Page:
The son of Senegal’s former President Abdoulaye Wade lost a bid to be freed from his six-year prison sentence when the Supreme Court rejected an appeal on his conviction.
“The court analysed the details of the appeal and rejected all of them,” said Aly Fall, a lawyer representing the Senegalese state.
He was imprisoned in 2013 and went on trial in July 2014 for “illicit enrichment” during his father’s 2000-2012 government and ordered to pay 138 billion CFA francs ($235 million) by the Court of Repression of Illicit Enrichment (CREI) set up to fight graft in the West African state.
His legal team was not present Thursday after it also boycotted the 2014 trial on the grounds the verdict was determined ahead of time.
Before the judgment, the Special Court had rejected the nullity exceptions raised by the lawyers for Wade and his co-defendants, all of them charged with illicit enrichment.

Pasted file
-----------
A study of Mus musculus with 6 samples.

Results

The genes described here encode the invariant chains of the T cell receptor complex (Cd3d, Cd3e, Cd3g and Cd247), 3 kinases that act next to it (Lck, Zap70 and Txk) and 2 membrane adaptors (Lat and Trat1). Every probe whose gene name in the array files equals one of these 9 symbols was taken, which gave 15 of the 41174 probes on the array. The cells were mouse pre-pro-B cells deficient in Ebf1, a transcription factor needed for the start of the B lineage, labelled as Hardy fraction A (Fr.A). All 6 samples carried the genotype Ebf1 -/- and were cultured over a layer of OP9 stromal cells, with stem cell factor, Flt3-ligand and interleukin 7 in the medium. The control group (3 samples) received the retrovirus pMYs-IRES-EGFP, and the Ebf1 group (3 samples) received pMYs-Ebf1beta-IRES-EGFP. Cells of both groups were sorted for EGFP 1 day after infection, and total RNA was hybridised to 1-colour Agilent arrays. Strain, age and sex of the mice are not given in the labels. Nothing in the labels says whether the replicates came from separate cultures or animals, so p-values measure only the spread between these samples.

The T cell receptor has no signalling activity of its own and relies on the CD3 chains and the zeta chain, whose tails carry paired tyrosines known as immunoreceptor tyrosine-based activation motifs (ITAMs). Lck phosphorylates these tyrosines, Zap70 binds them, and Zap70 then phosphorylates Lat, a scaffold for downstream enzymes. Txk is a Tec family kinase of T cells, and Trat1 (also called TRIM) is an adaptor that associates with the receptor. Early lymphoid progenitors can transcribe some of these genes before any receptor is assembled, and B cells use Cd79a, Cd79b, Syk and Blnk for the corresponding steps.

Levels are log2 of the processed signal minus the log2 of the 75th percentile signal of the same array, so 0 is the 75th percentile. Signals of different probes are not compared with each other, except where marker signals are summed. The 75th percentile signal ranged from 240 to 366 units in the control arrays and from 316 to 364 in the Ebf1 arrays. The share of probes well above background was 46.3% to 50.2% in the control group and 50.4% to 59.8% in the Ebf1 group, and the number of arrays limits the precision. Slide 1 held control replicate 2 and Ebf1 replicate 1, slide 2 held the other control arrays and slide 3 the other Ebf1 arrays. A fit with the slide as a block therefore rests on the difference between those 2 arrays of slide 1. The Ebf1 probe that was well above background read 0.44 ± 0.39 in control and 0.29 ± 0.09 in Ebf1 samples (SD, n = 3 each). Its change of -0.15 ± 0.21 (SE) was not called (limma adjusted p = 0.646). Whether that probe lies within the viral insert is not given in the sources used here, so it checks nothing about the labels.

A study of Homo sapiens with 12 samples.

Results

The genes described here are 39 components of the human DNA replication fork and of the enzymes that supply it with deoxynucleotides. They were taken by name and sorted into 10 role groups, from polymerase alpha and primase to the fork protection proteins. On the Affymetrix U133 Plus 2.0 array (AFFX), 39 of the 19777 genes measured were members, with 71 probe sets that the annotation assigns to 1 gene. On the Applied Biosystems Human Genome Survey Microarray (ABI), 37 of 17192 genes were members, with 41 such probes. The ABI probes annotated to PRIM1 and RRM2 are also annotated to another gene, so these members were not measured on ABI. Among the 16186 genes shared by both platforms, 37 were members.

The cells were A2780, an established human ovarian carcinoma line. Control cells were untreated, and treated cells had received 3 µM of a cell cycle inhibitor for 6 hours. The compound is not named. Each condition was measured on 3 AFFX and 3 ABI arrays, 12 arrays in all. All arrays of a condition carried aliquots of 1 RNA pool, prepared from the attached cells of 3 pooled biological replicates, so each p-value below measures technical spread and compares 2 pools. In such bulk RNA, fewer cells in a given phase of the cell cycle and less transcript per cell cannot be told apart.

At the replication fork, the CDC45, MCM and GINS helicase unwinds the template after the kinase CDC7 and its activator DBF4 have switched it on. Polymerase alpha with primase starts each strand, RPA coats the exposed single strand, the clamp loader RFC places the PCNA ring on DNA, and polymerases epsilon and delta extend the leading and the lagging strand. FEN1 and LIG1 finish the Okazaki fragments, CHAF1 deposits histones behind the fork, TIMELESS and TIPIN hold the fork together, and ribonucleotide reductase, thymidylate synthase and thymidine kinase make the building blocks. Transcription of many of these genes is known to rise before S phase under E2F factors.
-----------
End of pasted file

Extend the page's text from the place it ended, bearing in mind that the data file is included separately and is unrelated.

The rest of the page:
Outside the court, a small group of supporters shouted “Free Karim Wade.” Mame Dior Diop, coordinator for Karim’s candidacy for the next presidential election, said his supporters would wage a political campaign for his release.
“We have enough shown restraint in this case. It’s high time we showed what we are capable of,” he said.
Karim Meïssa Wade, born on 1 September 1968 in Paris and son of Abdoulaye Wade, former president of the Republic of Senegal (2000-2012), was appointed Minister of State in charge of Cooperation and Transport in May 2009 before leaving the government after his father’s defeat in the 2012 presidential elections.